Johan Gilchrist and Kate Smith
Thursday, April 8, 2021 · 11:00 am
Virtual / Zoom
Hosted by
Philippe Tortell and Rachel White

Honey, let me tell you about this city! Honey as a biomonitor for lead distribution un urban environments

Kate Smith holds a BSc in Chemistry from Michigan Technological University (2008) and a MSc in Geochemistry from the University of Wisconsin-Madison (2010). She worked as an analytical chemist for the State of Wisconsin for 7 years before coming to UBC. Kate is currently in her fourth year of a PhD program in UBC’s Earth, Ocean and Atmospheric Sciences Dept. Her research interests fall at the intersection of urban geochemistry, environmental health, and public health. Kate explores the biogeochemical cycling of various metals within the environment with questions like Where do they come from? How are they transported? Where do they end up? She has a particular interest in the effects that built/engineered environments have on the natural world. Kate will be presenting some key results and applications from her doctoral work exploring the use of honey as a biomonitor for metal distribution in urban environments.


Fountains from hell: Towards a new understanding of explosive eruption columns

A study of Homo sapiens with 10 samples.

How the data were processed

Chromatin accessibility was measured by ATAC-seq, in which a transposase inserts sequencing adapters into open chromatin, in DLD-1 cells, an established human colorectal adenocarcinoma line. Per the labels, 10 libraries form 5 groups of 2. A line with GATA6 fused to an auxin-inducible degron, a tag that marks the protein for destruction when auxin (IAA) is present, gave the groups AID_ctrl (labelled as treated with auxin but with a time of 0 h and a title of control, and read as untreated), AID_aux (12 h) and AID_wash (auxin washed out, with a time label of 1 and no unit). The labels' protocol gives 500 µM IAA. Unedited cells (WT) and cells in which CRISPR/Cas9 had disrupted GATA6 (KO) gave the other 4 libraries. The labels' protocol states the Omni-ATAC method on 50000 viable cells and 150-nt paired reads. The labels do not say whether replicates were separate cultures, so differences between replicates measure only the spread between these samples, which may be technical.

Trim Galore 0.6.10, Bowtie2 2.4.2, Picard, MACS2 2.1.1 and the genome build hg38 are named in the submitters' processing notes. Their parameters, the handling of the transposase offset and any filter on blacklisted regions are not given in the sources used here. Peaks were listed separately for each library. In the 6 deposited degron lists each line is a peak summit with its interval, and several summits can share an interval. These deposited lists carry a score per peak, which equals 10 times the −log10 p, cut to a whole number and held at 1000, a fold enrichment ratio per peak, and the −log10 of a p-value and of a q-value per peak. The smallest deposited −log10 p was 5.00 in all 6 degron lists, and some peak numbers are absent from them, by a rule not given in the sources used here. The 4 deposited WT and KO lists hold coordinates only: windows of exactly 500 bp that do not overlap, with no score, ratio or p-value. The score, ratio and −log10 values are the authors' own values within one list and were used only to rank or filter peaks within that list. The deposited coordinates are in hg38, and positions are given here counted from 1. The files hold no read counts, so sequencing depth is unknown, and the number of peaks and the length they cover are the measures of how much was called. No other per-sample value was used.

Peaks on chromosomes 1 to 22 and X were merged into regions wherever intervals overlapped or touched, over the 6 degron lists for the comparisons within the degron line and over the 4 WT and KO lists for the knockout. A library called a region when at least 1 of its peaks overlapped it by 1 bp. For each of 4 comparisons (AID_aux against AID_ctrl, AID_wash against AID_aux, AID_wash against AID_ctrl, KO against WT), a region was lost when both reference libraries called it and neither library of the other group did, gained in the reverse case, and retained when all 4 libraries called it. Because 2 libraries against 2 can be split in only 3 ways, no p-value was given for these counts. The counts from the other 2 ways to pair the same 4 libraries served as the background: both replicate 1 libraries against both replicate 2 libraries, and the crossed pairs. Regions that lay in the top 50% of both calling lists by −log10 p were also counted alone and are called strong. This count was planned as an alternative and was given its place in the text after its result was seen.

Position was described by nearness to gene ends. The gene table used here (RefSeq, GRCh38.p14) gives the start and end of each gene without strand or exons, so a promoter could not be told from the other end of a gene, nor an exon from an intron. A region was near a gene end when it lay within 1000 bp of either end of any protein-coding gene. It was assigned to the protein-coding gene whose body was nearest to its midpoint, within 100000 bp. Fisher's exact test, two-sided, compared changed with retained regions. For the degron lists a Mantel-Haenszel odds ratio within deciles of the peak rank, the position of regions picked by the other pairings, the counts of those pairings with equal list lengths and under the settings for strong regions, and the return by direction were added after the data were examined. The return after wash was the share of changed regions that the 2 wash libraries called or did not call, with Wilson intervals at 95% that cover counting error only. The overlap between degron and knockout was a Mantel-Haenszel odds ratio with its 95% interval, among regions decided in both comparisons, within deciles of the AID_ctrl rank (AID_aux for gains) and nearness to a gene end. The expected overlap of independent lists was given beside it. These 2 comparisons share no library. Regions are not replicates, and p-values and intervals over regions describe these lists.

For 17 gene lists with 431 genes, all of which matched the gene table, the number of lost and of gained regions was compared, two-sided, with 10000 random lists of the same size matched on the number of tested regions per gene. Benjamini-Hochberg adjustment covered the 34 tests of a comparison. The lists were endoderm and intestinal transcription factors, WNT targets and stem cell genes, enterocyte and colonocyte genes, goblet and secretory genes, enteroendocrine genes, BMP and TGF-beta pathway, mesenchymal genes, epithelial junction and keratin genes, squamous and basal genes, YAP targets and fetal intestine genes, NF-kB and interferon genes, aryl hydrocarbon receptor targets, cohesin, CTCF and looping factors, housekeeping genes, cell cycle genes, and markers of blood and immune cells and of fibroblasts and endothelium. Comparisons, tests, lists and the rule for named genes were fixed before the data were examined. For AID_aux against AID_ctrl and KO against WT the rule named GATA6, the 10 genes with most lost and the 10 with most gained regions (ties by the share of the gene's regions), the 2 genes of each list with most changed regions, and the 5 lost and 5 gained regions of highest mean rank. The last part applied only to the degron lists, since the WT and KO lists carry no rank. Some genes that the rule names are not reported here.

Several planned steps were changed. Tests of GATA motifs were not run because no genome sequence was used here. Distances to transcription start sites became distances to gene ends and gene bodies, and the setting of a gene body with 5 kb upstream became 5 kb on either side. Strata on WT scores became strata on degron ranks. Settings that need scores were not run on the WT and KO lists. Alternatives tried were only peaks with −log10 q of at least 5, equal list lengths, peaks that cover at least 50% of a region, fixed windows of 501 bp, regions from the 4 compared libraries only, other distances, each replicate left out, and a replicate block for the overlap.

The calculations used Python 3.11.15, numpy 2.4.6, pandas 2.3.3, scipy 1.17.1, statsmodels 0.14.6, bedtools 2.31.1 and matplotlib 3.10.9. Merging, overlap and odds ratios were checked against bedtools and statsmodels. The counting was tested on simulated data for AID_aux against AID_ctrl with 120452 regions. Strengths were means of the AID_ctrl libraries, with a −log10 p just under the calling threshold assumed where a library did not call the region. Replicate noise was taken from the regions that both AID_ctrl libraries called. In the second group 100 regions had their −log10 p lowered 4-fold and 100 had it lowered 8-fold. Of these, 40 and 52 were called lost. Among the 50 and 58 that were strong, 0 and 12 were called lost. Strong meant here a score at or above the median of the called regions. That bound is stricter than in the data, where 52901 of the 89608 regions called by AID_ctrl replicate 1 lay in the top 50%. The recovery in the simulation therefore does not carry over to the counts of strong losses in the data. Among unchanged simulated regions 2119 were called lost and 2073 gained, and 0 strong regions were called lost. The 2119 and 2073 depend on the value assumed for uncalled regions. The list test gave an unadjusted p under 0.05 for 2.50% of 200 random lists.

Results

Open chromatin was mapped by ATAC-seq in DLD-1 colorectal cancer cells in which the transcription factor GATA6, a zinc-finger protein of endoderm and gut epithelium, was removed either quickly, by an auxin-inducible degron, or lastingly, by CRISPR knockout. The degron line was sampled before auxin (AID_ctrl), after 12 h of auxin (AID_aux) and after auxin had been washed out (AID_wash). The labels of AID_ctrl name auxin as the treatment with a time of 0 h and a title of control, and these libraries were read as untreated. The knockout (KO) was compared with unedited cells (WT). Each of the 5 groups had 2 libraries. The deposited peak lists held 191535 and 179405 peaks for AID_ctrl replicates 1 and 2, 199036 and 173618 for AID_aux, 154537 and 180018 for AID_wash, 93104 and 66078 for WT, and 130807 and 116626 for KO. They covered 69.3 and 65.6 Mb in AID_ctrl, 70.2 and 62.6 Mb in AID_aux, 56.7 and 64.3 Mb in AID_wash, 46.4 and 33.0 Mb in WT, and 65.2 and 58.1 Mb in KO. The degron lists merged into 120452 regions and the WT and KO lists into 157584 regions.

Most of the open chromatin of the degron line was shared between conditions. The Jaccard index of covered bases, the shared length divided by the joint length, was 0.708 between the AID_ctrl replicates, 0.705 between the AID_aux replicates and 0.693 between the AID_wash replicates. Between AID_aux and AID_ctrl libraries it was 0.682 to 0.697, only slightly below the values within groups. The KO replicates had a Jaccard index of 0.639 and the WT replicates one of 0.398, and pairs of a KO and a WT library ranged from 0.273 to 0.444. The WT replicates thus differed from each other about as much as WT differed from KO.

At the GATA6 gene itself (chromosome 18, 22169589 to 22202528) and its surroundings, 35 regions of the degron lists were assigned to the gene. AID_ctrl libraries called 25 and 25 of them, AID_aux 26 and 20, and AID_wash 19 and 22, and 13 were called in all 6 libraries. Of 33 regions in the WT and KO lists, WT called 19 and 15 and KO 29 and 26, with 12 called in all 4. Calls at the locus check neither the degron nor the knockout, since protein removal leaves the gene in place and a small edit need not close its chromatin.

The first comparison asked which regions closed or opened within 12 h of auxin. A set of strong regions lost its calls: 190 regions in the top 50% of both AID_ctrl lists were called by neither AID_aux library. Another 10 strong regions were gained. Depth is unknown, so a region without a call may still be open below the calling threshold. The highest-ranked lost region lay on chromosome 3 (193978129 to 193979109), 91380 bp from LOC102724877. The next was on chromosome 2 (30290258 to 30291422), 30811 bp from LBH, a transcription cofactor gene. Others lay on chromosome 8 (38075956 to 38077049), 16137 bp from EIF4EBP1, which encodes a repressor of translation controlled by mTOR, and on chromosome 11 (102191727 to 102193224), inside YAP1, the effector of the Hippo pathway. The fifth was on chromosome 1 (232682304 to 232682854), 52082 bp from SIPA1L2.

My name is Johan Gilchrist and I’m a PhD candidate at UBC studying geophysics with a focus on explosive volcanic eruptions. When I left New Jersey to begin my undergraduate studies at UBC, I did not know where this journey would take me, much less which major would position me best to help society. I was falling in love with the Cascade mountains of western North America and constantly wondering how they formed. I asked myself “If you love the mountains so much, why don’t you just study them?” So what have I learned about the Cascade mountains since? Volcanism built the Cascades that form the backdrop of Vancouver and when volcanoes explode violently, like the 1980 eruption of Mt. St. Helens, they inject hot mixtures of rocks, ash and gas tens of kilometers into the atmosphere to form an eruption column. Eruption columns are notorious for collapsing to Earth’s surface and destroying everything within a 10-100 km radius around the volcano, including the city of Pompeii, Italy during the AD 79 eruption of Mt. Vesuvius. Curiously, eruption columns tend to collapse periodically during an eruption, which raises a question- what drives the periodicity of eruption column collapse? By conducting laboratory experiments to simulate eruption columns, I’ve learned that the same physics governing the bobbing of water fountains on UBC campus also govern the periodic collapse of explosive eruption columns. Armed with this knowledge, I have created a new framework for classifying volcanic eruptions. This new eruption classification will help volcanologists protect settlements around volcanoes, direct air traffic away from ash clouds, understand how eruptions influence Earth’s climate, and determine the risk of a potential mass extinction event following a super eruption.